Five jailed over theft of 40 anti-tank mines in Warrington
Five men have been jailed over the theft of 40 anti-tank mines from a Ministry of Defence freight train.
The mines were stolen when a goods train stopped at a red light just outside Warrington in October.
Liverpool Crown Court heard the gang could have sold the mines, which contained more than 8kg (17lb) of explosives, to terrorists.
They received sentences of between five and seven-and-a-half years. A warrant has been issued for a sixth man.
The theft of the anti-tank mines led to a major investigation by anti-terror police and the army.
The court heard the thieves' intended target had been a nearby Asda depot, and the theft of the mines was "opportunistic".
The prosecution said the gang had cut up the explosives with a saw, causing considerable risk to public safety.
Leonard Ash, 50, of Beckwith Street, Birkenhead, was jailed for seven-and-a-half years after being found guilty of handling stolen goods, possessing explosives and possession of a weapon. He had pleaded not guilty to all charges.
Phillip Yates, 29, of Church Street, Birkenhead, was jailed for seven years and three months after admitting theft, possessing explosives and damage to property.
Kris Keith Black, 23, of Woodchurch Road, Birkenhead, was jailed for five years and seven months after pleading guilty to theft and possessing explosives.
Jason McKee 27, of Valley Road, Bromborough, was jailed for seven years and four months handling stolen goods and possessing explosives and a weapon.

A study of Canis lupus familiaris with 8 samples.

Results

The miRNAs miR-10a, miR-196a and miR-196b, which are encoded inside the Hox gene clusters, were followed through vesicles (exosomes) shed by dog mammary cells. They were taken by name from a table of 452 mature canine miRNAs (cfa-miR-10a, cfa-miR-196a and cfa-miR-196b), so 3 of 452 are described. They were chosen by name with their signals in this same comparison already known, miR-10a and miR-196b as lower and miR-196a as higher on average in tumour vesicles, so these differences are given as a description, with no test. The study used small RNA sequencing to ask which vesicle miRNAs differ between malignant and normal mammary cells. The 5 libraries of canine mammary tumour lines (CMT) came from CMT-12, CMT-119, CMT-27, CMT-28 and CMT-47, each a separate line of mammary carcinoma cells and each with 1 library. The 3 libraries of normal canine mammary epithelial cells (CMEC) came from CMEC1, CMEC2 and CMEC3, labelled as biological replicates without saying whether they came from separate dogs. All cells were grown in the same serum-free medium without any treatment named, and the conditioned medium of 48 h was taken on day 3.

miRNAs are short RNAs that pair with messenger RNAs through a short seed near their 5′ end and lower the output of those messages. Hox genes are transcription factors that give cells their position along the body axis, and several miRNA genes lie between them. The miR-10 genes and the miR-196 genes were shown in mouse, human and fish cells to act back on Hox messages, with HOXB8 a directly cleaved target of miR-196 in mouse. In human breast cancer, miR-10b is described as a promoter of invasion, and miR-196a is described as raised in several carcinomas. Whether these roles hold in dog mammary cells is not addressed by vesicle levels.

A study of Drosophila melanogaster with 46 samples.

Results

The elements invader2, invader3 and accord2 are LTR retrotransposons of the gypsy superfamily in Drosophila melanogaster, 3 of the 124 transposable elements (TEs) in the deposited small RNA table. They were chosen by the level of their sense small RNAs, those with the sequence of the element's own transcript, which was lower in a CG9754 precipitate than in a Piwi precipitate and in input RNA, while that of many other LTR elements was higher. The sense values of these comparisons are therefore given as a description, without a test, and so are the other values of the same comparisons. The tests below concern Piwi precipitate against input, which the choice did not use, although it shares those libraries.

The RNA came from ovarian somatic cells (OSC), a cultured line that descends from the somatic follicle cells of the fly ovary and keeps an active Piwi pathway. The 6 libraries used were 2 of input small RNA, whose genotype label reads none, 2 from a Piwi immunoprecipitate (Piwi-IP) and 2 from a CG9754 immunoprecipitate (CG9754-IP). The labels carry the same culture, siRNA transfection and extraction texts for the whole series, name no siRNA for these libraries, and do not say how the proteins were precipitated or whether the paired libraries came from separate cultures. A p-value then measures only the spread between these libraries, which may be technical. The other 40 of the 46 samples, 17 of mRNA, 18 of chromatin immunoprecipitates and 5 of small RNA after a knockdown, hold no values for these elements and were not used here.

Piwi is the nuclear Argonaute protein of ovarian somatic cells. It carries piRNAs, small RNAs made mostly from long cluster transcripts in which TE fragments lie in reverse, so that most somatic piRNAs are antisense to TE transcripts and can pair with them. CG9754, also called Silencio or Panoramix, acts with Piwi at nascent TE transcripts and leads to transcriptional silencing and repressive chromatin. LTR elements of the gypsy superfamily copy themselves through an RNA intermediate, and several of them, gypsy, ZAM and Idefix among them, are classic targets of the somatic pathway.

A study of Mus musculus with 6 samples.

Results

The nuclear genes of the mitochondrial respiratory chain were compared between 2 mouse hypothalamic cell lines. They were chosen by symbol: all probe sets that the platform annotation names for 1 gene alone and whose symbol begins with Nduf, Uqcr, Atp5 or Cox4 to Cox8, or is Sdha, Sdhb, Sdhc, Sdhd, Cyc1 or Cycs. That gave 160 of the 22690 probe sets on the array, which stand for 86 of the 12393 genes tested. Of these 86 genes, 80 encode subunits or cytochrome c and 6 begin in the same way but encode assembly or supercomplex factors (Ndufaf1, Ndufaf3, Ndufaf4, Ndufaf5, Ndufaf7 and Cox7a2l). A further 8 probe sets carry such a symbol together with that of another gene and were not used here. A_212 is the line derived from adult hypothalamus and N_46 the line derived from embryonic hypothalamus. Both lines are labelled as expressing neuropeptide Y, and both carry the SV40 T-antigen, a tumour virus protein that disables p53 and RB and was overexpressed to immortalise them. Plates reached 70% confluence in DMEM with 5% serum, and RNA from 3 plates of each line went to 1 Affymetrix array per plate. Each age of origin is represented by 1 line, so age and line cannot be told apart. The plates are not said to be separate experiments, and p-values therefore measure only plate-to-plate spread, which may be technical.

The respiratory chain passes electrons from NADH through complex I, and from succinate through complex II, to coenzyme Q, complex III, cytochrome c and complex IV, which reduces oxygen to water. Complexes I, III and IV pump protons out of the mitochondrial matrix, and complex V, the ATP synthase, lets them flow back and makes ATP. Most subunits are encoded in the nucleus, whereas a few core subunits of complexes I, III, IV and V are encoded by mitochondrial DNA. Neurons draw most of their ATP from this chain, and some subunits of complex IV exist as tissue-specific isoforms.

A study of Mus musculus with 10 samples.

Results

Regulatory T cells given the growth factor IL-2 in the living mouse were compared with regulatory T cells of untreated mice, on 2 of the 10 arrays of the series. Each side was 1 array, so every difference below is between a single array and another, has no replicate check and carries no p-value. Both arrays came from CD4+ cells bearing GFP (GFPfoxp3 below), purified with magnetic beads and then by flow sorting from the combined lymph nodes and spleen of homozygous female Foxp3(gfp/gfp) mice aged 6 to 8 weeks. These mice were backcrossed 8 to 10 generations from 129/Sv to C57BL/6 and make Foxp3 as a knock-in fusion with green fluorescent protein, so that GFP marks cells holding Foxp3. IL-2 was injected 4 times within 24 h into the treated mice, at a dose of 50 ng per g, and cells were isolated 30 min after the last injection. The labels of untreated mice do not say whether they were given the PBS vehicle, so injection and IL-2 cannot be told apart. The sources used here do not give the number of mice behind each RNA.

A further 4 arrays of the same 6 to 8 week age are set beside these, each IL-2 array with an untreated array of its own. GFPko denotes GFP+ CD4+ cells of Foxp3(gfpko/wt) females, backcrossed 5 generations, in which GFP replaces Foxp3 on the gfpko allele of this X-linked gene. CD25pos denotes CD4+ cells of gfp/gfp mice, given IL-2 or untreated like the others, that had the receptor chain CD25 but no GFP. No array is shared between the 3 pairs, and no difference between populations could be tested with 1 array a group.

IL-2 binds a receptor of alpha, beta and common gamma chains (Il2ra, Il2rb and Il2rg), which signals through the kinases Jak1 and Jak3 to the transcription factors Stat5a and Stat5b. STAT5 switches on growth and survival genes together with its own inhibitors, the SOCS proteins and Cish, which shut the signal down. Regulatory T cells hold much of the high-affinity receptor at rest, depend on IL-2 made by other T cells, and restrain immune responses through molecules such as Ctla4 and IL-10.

He originally denied all the charges but admitted possession of a weapon.
'Atmosphere of panic'
Michael David Arthur Hellon 31, of Hadfield Close, Sheffield, was jailed for five years for handling stolen goods and possessing explosives. He denied both charges but was found guilty after a trial.
Greater Manchester Police said David Ian Smith, 30, of Boothwood Close, Liverpool, failed to attend court and a warrant has been issued for his arrest.
Smith had pleaded guilty to theft and possessing explosives under the Explosive Substances Act, 1883.
The gang intended to sell the mines for profit, but the court heard that there was "an atmosphere of panic" when they realised what they had stolen.
Most of the mines were recovered from undergrowth near the railway but others were found in woods in Wirral and one was found in a garage in a built-up area in Birkenhead.
The freight train was on its way from a munitions store in Cumbria to Oxfordshire. The mines were then due to be sent overseas.
The court heard the mines are used to blow up enemy compounds in Afghanistan.